The 2023 race for Jacksonville Mayor may get even more crowded with one potential candidate clearing the decks ahead of a possible campaign launch.
City Council member LeAnna Cumber, who was pursuing the vice-presidency of the Council for the twelve months starting July 1, is reversing course.
Central to her decision, according to a statement provided to Florida Politics, is a break with the Lenny Curry administration on its gas tax proposal, and a belief that the next Council leadership should align more closely with the Mayor’s Office.
“The last few weeks have reinforced my core beliefs on policy issues related to taxes and infrastructure priorities. I do not feel that taxing our residents should be the default policy position of elected officials. And every investment we make with our constituents’ money should be made wisely and not wasted on useless transportation systems like the Skyway,” Cumber said, referring to the proposal to earmark nearly a quarter-billion dollars for improvements to the Reagan-era urban rail circulator from the proposed doubling of the surtax to 12 cents a gallon.
“The City Council is on the cusp of approving the third major tax increase put forth by the Curry administration. According to a University of North Florida poll released earlier this week, the public feels elected officials need to listen to their constituents more when it comes to increasing taxes and make smarter infrastructure investment decisions,” Cumber contended, before stating that she couldn’t program the money since she didn’t believe in the source.
“I announced my candidacy for vice president of the City Council before the gas tax debate and next year will require spending all the new tax revenue being collected. That requires someone who will be willing to implement the Administration’s newest tax. That is not a policy position I am willing to compromise on. Therefore, I respectfully withdraw my candidacy for vice president so I can more successfully fight for the policy positions that are in line with the majority of Jacksonville residents.”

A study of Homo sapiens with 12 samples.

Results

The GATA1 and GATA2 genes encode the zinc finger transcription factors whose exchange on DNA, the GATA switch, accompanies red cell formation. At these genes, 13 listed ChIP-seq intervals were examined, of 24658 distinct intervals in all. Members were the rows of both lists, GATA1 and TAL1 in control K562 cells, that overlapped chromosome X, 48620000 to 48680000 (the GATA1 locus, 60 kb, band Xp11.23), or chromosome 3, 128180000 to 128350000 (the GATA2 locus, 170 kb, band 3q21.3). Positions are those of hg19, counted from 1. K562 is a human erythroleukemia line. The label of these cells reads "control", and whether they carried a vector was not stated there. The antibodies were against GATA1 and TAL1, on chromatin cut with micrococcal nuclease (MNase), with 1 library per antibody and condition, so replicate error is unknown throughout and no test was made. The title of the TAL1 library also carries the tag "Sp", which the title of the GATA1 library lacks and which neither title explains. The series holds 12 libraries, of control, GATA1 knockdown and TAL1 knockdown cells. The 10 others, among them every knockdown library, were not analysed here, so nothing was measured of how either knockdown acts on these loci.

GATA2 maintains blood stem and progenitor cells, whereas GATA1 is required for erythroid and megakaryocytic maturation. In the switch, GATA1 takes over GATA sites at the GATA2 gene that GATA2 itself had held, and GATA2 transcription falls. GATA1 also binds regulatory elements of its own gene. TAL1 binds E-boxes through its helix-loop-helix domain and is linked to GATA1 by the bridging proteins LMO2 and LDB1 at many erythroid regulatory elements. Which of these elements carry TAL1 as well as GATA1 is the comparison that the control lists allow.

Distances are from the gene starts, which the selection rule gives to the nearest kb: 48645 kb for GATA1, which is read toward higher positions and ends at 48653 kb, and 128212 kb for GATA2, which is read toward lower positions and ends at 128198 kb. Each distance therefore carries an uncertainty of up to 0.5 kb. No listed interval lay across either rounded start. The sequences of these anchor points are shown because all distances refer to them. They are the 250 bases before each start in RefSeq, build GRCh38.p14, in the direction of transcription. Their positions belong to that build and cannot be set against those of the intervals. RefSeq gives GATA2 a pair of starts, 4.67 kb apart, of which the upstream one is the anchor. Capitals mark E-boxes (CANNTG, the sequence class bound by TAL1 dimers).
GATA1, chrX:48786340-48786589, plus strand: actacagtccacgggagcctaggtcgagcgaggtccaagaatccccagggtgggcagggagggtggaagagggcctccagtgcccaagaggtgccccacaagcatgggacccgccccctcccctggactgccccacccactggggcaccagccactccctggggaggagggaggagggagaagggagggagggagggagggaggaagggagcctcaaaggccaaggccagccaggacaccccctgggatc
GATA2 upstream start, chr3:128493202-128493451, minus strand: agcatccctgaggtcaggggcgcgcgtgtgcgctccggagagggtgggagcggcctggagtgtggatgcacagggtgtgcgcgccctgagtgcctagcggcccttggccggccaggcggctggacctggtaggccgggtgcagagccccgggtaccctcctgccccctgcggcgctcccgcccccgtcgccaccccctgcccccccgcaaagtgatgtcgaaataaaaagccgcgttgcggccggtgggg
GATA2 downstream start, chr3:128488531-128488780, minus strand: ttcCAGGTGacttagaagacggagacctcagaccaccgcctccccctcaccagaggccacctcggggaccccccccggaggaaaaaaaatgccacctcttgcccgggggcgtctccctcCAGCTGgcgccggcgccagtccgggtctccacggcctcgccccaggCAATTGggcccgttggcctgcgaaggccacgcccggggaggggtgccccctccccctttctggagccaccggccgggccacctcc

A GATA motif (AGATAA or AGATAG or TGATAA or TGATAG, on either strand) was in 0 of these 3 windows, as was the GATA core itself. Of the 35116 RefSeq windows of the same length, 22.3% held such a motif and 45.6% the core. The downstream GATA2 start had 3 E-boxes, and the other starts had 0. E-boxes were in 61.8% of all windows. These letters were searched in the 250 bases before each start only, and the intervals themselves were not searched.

Cumber had four pledges, she said, and they are now released from their commitment and can support other candidates.
There is some thought that she could run for Jacksonville Mayor. She polled at 3% in the UNF survey, but sources familiar with her thinking suggest that she is undaunted by the number.
Two Republicans are already in the race, both City Council colleagues. Al Ferraro, who also polled at 3%, has raised roughly $35,000 in two months in the race.
A second Council colleague, Matt Carlucci, has raised roughly $700,000 between his campaign account and his political committee.
He polled best according to UNF, but there are some caveats.
Carlucci’s campaign lost its consultants this week, with one of them publicizing a call for his former client to withdraw from the race for Mayor in light of Carlucci’s controversial dismissal of his Council assistant. His fundraising had slowed already, and the latest news likely won’t inspire donors.
And a third Republican, Jacksonville Chamber CEO Daniel Davis, has the biggest war chest, with more than $2 million raised to his statewide political committee since the beginning of 2021. Davis was at 6% in the UNF poll.
Democrats, most notably former television news anchor Donna Deegan and former Jacksonville Mayor Alvin Brown, are also in the mix of potential candidates. However, no Democrat has filed or announced an imminent campaign launch.
The local Democratic Party has been involved in internal drama, including a move by elected officials to purge the party chair, contending he was working a deal with a Republican City Councilman to affect redistricting to facilitate a future run for office.
The chair denies the allegations, and thus far has survived. A vote to remove him failed this week, but another vote is expected.
Democratic elected officials vow that, unlike in 2019, there will be a filed Democratic mayoral candidate. How closely that candidate coordinates with the local party remains to be seen, however.